You may be familiar with Nike‘s ACG (All Conditions Gear) line – an element of the sportswear giant’s roster that focuses specifically on innovative, technical apparel. Relaunched in 2014 by designer Errolson Hugh, ACG has predominantly been a male-focused offering, that is until now. For the first time, Nike has unveiled a dedicated women’s ACG collection.
It seems fitting that with Nike’s Force is Female campaign in full swing, other components of the companies offering also gear up their offering for female consumers. With a performance-led, fashion-forward selection that consists of an array of jackets, trousers and accessories in a contemporary colour palette, this new collection is one that will be coveted by all. regardless of gender. We spoke to Nike’s Senior Design Director of Women’s Apparel and co-designer for ACG, Johanna Schneider, to hear more about this landmark line.
ACG was relaunched in 2014 but this the first dedicated women’s line, why do you think it’s taken so long?
I think that you have to find the right partners who feel enough value to extend it to the women’s line. When ACG launched three years ago, both Errolson and I were working on it, and I’d worked with him before Nike. With me being here now, I was able to fuel the conversation about adjusting it – we needed the point of view of a woman, and leading the design team here at Nike World HQ, I was in a great position to be able to provide that. We had great support from Nike to make this happen, too. Being at Nike and working with Errolson is a new setup and a unique situation and I got to understand where we sit in the marketplace. Demand on the women’s side has grown, and offering mens and women’s apparel together makes the whole collection even stronger.
What were the challenges faced in working with technical fabrics and practical clothing and balancing it with a fashion-forward aesthetic appeal?
We started brainstorming from a different point from the original ACG. We wanted to deliver something for her that wasn’t a compromise on what we’ve made for him, and the mens line focused on protection, detail, movement and material. Form follows function in this collection and we replicated what we did for the mens collection in the womens one, but in a way that’s relevant to her. There are solutions that are relevant for both [men and women] but we looked at her level of comfort and solutions for her, like storage for her belongings, but positioned in a way that’s flattering.
Another aspect is expression and emotion. As women, we are so educated in how to utilise apparel to express ourselves. Aesthetics are a key attribute for this collection but there are key pieces that deliver on performance and other ones where we transition the ideas of aesthetic and function.
Could you tell us a little about the apparel – what was behind the color palette, for example?
I wanted to add to the look that ACG has established and to introduce color, joy and expression in an exciting way. I wanted it to be bold and playful. In the silhouette, the print and the color, I wanted to extort the environment. Our role as women is destructive, in a positive manner. I wanted to flip the experience I have of girls looking at mens clothes thinking “I want to have that too” so that guys are looking at women’s clothing and thinking “What? I want to have that!”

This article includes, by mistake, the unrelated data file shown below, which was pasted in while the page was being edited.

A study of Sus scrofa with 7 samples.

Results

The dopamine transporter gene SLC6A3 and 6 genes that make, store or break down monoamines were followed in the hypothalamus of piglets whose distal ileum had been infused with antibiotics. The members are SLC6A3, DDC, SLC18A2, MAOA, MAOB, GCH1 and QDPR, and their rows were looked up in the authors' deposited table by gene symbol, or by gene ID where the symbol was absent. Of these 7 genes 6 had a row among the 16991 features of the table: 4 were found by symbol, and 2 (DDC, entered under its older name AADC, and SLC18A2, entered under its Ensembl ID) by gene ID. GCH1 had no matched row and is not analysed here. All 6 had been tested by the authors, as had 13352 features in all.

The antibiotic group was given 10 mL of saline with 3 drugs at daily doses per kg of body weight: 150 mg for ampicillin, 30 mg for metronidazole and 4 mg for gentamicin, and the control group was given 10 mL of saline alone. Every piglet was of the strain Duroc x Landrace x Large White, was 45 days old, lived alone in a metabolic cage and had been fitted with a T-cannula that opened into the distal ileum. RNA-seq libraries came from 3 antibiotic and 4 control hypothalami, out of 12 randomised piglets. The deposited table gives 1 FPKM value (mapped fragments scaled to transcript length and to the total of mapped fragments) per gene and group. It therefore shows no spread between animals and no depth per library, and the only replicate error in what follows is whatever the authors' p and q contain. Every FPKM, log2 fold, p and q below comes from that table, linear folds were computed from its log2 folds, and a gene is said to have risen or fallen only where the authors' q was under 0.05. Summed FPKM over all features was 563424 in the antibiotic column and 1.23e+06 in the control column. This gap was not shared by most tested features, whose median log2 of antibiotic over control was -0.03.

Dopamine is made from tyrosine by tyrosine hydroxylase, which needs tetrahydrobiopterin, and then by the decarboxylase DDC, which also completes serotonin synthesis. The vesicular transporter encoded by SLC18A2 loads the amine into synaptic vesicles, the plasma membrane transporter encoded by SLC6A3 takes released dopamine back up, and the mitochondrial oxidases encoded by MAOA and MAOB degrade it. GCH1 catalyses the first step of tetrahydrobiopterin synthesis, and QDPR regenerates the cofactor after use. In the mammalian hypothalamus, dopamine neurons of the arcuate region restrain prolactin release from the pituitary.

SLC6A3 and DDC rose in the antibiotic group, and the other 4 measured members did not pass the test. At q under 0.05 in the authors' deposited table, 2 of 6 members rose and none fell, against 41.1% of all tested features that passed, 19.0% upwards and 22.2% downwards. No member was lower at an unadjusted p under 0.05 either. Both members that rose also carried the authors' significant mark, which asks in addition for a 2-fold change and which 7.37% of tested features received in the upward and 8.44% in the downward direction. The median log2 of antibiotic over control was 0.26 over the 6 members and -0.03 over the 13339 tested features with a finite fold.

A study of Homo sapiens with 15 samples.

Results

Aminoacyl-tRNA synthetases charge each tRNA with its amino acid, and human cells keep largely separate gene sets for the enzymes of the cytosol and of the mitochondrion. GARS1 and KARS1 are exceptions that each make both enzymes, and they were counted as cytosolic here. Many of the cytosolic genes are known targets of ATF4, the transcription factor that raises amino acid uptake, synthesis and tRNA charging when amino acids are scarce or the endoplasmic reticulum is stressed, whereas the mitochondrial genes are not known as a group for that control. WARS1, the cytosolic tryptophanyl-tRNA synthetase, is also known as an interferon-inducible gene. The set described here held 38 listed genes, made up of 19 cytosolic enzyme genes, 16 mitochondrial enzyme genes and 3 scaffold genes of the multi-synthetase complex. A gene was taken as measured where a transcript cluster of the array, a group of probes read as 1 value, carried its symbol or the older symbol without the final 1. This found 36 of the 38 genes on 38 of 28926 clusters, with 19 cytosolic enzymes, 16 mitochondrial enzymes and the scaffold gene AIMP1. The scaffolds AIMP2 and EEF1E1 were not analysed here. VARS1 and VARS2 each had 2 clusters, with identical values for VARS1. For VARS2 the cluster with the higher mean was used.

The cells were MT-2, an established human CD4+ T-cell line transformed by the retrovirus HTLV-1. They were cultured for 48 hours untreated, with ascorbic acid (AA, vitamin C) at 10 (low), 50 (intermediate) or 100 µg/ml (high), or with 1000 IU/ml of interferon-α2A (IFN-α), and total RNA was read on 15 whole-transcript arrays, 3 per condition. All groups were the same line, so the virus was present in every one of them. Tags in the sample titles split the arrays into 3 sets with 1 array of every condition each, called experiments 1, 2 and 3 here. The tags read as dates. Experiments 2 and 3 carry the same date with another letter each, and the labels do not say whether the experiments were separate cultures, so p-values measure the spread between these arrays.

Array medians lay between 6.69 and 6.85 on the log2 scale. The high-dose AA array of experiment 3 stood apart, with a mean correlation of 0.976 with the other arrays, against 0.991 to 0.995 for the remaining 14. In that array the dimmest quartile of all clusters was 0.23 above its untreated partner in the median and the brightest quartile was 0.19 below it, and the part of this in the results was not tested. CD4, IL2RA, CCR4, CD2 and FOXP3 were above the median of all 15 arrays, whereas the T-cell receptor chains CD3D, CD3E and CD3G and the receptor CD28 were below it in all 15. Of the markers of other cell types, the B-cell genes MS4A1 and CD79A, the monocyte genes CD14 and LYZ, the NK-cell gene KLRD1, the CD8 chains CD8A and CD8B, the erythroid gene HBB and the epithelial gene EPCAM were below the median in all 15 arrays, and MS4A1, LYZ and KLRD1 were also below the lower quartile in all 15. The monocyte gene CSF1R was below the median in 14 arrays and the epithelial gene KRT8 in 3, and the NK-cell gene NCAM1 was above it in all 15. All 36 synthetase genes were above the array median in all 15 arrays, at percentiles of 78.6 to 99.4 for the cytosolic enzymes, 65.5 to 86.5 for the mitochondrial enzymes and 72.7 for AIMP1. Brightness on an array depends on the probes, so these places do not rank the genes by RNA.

I definitely wanted to check off the neutral colors – the black is there and we have a contemporary khaki. The orange, for me, I thought about a color that I wanted to be a signifier from an urban environment into apparel. The light green was again related to the environment – it’s a mirror of the sky. This is the first time we’ve done print in the ACG line and we were super excited to do it and introduce it across menswear and womenswear this season. We looked at camo patterns and animal print and produced a more digitalized version of a tiger stripe.
You’ve worked on a few lines with Nike now, from the Air VaporMax to NikeLab – how did the design process differ for this ACG line?
In my work from NikeLab in 2015 with the women’s training line, what was similar was the approach of combining previous work, in terms of being hands-on and pattern making and combining that with Nike’s resource of innovative technology. What was different in terms of aesthetic language compared to my work for my collaborations is, of course, the idea of ACG has a higher level of aggression. These products have to deliver on being protective and high-demand apparel but at the same time what I wanted to bring in was establishing a language under ACG for her that extends the functional benefits to more trend-driven solutions.
How do you envision that everyday women will wear this line?
For me, the collection is like a very condensed collection of items that, when they’re all put together, is a modern system that delivers on different aspects of what you need in everyday life. I wanted to make it more inclusive – you cannot create something that just works on its own and I am so curious to see how women will incorporate this into their wardrobe and their everyday life and how their items and personal style will fit into this collection too. I really want to see women reinterpreting and remixing these styles.
You can shop the debut Nike Womens ACG Holiday 2017 collection at nike.com from December 9 for European customers and from December 21 for those in North America.